How to Earn the ACSP (Apple Certified Support Professional) Mavericks
Interested in becoming an Apple Certified Support Professional? I’ll tell you how I have passed it for the last three versions of OS X (Lion, Mountain Lion, and Mavericks).
Are You Ready To Pass the Exam?
If you can answer every bullet point on the exam preparation guide–without looking it up–you can easily pass with 75% or better.
How Should You Prepare?
- Read the book and do the exercises
- Understand core networking concepts (TCP/IP, DHCP, DNS, etc.)
- Use OS X on a regular basis for six months or more
- Attend a class if you don’t study well on your own
Read the Book and Do the Exercises
The official book that the exam is based off of is Apple Pro Training Series: OS X Support Essentials. After taking the exam three times, I can tell you that the exam questions are taken directly from this book, sometimes even word-for-word. Some of the exact questions can also be found in the exam guide.
The training book is over 800 pages, but also well-written. I would recommend getting it from peachpit.com as you will get amendments to the book and supplemental downloads, including an eBook, which is great for references (hint: Cmd+F). They will also send you a discount code when the next iteration of the book is released.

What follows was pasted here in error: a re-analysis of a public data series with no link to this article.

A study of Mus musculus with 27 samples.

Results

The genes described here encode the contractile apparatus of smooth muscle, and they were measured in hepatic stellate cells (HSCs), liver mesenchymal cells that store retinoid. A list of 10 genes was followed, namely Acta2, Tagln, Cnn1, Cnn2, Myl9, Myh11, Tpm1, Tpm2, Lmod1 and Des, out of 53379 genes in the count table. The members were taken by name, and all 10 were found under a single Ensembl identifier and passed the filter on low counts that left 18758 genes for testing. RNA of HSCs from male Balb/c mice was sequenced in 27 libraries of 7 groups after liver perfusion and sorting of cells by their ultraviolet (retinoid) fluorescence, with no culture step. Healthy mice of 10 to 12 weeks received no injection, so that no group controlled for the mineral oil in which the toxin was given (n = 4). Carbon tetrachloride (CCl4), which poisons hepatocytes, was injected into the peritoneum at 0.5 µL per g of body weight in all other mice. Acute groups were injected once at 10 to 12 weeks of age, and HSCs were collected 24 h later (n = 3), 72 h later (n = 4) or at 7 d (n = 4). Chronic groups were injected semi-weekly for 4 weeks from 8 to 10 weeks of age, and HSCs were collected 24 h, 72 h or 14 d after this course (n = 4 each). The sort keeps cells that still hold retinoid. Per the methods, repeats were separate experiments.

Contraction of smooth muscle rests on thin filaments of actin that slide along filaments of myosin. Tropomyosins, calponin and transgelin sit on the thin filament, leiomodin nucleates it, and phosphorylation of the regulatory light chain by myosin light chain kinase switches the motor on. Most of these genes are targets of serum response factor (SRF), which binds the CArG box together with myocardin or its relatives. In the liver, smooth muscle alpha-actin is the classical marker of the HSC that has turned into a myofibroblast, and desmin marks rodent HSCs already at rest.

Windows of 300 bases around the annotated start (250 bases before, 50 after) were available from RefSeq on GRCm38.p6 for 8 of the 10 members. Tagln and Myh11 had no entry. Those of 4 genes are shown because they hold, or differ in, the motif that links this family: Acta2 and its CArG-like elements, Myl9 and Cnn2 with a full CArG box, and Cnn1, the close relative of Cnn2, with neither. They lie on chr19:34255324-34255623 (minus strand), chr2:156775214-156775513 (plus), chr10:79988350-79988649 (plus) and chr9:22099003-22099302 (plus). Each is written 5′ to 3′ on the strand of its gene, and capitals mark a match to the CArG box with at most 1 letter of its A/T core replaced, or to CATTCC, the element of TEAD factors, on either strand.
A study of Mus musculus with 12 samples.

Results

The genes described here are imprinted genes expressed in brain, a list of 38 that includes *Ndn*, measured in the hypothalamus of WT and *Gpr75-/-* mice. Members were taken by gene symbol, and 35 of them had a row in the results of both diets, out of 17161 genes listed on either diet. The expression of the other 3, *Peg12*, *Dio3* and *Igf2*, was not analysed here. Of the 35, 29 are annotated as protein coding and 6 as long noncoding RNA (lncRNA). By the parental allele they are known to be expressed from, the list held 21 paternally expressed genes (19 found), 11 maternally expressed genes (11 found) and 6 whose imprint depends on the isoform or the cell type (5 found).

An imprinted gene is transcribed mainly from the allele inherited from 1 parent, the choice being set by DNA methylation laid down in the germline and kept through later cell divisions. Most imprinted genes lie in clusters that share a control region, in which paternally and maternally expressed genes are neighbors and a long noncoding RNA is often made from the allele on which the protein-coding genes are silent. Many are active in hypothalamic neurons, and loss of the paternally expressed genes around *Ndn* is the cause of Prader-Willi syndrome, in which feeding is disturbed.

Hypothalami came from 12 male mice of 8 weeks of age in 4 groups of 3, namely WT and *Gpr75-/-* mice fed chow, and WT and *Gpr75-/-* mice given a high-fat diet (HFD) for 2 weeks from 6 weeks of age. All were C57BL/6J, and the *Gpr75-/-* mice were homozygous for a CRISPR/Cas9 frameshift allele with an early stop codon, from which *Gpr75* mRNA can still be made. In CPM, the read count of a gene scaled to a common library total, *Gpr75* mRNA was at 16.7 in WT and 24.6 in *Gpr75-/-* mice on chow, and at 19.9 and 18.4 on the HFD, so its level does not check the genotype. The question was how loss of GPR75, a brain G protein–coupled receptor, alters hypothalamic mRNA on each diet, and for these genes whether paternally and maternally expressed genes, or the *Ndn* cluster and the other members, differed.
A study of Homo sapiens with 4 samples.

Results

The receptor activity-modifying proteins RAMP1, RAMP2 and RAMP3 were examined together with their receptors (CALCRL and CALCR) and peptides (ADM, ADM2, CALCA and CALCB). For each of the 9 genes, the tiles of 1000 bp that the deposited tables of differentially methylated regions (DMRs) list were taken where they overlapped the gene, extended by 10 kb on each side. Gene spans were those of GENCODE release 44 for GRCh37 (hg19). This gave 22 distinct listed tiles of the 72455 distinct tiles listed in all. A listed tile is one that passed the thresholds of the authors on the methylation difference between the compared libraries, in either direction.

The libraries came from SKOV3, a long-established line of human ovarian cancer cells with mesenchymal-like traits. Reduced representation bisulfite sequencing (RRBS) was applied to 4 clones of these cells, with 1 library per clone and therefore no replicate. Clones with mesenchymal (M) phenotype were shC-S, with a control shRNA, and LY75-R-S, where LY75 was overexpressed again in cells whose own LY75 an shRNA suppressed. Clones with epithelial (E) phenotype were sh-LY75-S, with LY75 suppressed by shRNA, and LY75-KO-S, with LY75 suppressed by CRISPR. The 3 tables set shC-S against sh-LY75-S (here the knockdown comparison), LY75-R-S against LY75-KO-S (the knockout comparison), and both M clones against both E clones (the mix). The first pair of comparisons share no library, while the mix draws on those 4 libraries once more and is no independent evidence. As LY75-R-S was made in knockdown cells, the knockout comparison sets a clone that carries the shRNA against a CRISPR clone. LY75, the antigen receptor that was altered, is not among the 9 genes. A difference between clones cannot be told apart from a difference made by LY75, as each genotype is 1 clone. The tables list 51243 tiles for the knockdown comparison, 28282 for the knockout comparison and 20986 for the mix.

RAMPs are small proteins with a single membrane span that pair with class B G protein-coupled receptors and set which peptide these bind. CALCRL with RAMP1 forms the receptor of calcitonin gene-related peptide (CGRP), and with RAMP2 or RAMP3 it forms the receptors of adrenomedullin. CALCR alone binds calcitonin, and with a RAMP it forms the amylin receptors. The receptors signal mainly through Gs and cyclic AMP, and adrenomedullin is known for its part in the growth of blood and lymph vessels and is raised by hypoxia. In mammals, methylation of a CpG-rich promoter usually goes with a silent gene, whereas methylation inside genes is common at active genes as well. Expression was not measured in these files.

The first time I took the exam, I read the book through and through three times (highlighting and re-reading passages even if it seemed redundant). Repetition is the best way to remember things, but it is also very grinding. In addition, I had also been working with Macs for about one year. When I finally took the exam (10.7 at the time), I passed with 88%.
The exam isn’t really one you can just walk in and take. There is a massive pool of questions so you need to have a lot of knowledge about each section in the book.
On the plus side, you don’t really need to know any of the Terminal commands (but you should know the few used in Single-user Mode as there is a section on the book on this).
Understand Core Networking Concepts
There is a section in the book on networking fundamentals. So, if terms like subnet mask, DNS, DHCP, proxy, or VPN mean nothing to you, go back and read that section again. If you really want a firm understanding of networking fundamentals, I recommend something like the Guide to Networking Essentials (it is a pretty dry read, but very informational). I recall some questions were just basic networking questions–not relating to OS X at all.
Use OS X on a regular basis for six months or more
Nothing is as useful as actually using and troubleshooting OS X in real life. Having practical experience will act like the glue that makes all the book theory make sense. I would suggest using OS X for six months or more, trying to learn something new each day.
Attend a Class If Self-Study Isn’t for You
The classes cost a lot and will cover the entire book in about three days. If you go through a place like JAMF, you can also take the test right after the class. If you just want to take the test, be prepared to drop a couple hundred dollars.
Earning the Certification
Once you pass, you can post your credentials in the Apple Certified Professional Registry, where anyone can search for your name and see your certificate. You will also get a nice Apple logo you can use with business cards or your Website. They also send a nice paper certificate in the mail.